No, I'm not.

    First of all, I'm not the kind to go clubbing every night (I've never been, and don't intend to until I feel like it) and instead of celebrating and screaming my new age out to the world, I'm actually starting to feel a little nostalgic.

    I love my family. Despite the numerous arguments I've had with my mum, dad and younger brother, and the attitudes I've treated them with during various mornings (I'm not a morning person, you see), they've tolerated me through my ups and downs, my reluctance to participate in breakfast & dinner conversations on some days, and my Type 1 Diabetes. They've given me far more patience than I think I deserve, even now, and as I edge closer to my 16th birthday, I've started to reflect upon the last 15 years of my life and see that my family has been there for me whenever I needed them. And the thing is that at times, I wasn't there for them when they needed me.

    You know how most teenagers are rather rebellious during these ages, myself included. But I think I'm not as rebellious as others (not sneaking out at night and disobeying my parents a lot), because my parents don't tell me what to do every single minute of the day. They mostly let me manage my own life and I can say that they don't know 85% of what's going on at school and in my life. I tell them the things that they need to know: school trips, my CCAs and the concerts I'll be performing in. So this is a huge thank-you to my family, who've invested 100% of their trust in me.

    I'm lucky I have such a family like this. I have friends who only have one parent and aren't doing so well: their finances can be tight and their life may not be as good as they'd like it to be. My mum knows how it feels: her dad died when she was 4. My parents have put in a lot of effort to give my brother and I the life that they wanted to have when they were kids, and I really really appreciate that. More than I can describe here. Some of my friends totally close themselves off to their parents and refuse to talk to them about anything, even when they ask, but my parents know that they won't need to ask me; if I want to talk to them, I'll start the conversation. I believe my family has learned (very well) to give me a lot of space, yet we're all still connected during meal times.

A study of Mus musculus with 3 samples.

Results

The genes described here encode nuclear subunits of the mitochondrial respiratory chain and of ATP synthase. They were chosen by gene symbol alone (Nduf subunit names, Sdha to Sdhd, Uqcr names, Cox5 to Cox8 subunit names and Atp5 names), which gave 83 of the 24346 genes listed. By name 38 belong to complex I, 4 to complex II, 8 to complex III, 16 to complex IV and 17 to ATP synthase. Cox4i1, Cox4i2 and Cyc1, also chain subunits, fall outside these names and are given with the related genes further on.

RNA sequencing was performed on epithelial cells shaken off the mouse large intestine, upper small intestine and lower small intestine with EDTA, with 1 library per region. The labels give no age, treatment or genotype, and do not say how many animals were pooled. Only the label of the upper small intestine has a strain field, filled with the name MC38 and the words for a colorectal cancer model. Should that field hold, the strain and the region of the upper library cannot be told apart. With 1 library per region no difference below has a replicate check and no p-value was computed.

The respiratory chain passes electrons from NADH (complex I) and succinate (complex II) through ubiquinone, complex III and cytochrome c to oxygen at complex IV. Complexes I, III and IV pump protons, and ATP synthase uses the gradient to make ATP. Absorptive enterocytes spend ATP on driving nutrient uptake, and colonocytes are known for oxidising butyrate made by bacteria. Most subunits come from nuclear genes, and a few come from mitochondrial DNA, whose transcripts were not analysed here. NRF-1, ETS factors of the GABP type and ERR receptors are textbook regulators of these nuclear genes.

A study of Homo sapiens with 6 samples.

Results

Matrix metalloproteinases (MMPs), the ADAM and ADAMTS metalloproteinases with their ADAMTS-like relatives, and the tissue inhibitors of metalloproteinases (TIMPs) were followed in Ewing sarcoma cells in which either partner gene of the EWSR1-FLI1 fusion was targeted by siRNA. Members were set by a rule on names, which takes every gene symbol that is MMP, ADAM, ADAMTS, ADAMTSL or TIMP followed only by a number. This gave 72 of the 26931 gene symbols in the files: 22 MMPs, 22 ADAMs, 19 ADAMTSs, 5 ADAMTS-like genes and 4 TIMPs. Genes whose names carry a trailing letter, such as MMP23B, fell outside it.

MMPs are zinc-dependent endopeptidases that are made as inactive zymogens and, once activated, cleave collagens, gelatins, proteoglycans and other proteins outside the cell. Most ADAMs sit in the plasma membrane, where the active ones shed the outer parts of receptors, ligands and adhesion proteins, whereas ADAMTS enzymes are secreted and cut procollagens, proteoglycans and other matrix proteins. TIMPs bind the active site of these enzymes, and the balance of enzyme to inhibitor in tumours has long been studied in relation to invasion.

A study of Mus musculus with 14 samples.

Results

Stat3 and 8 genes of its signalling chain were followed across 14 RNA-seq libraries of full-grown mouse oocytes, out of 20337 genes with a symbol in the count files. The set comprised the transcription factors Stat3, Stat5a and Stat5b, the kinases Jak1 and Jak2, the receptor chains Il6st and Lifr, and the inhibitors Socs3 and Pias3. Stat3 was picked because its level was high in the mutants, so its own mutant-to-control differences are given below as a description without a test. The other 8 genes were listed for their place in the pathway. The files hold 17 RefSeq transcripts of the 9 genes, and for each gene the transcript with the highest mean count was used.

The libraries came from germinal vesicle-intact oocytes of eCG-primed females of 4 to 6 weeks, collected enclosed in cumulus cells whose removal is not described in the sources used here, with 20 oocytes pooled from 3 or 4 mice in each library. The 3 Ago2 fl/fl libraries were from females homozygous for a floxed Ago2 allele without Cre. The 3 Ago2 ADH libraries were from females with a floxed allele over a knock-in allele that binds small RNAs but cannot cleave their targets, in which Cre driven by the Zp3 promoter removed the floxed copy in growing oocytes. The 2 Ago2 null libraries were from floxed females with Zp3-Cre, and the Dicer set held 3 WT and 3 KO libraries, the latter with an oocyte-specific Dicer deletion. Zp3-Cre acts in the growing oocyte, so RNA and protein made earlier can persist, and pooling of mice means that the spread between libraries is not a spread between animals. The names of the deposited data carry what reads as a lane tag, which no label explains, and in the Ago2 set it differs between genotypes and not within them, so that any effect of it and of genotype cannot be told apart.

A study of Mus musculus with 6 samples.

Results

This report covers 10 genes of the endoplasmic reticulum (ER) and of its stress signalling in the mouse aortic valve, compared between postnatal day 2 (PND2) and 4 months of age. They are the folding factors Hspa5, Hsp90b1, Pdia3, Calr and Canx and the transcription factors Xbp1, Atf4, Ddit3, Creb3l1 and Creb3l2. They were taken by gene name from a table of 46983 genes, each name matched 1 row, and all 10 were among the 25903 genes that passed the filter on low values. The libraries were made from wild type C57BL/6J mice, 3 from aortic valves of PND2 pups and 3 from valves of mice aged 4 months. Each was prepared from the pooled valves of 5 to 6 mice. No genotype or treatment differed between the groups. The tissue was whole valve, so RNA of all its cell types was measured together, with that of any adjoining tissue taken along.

I like it when we spend time together; especially when we're all in a foreign country. The times when we've played badminton together were awesome too; there was this one day when my dad, bro and I went rollerblading together...quite recently actually. I haven't seen a lot of 15 year olds rollerblading with their family quite a lot now; I just felt like such a kid, in a good way. After dinner one evening last week, we all gathered around my bro's laptop and watched (and practiced to) a Gangnam Style youtube tutorial quite enthusiastically. It's these little things that make me feel like I'm growing up too fast. To be honest, I don't really want to grow up at all.

    So in this new year, my resolution will be to treat my family better than I have been; to treat them how they've been treating me. I have been ignorant, arrogant, stubborn and rude at times, and I've been told off for that (for which I sulked and avoided my whole family for the majority of the evenings). But I will try, as they've constantly been trying to make me happy.

    That photo was taken in Moscow, this summer (if I recall correctly). I love my family.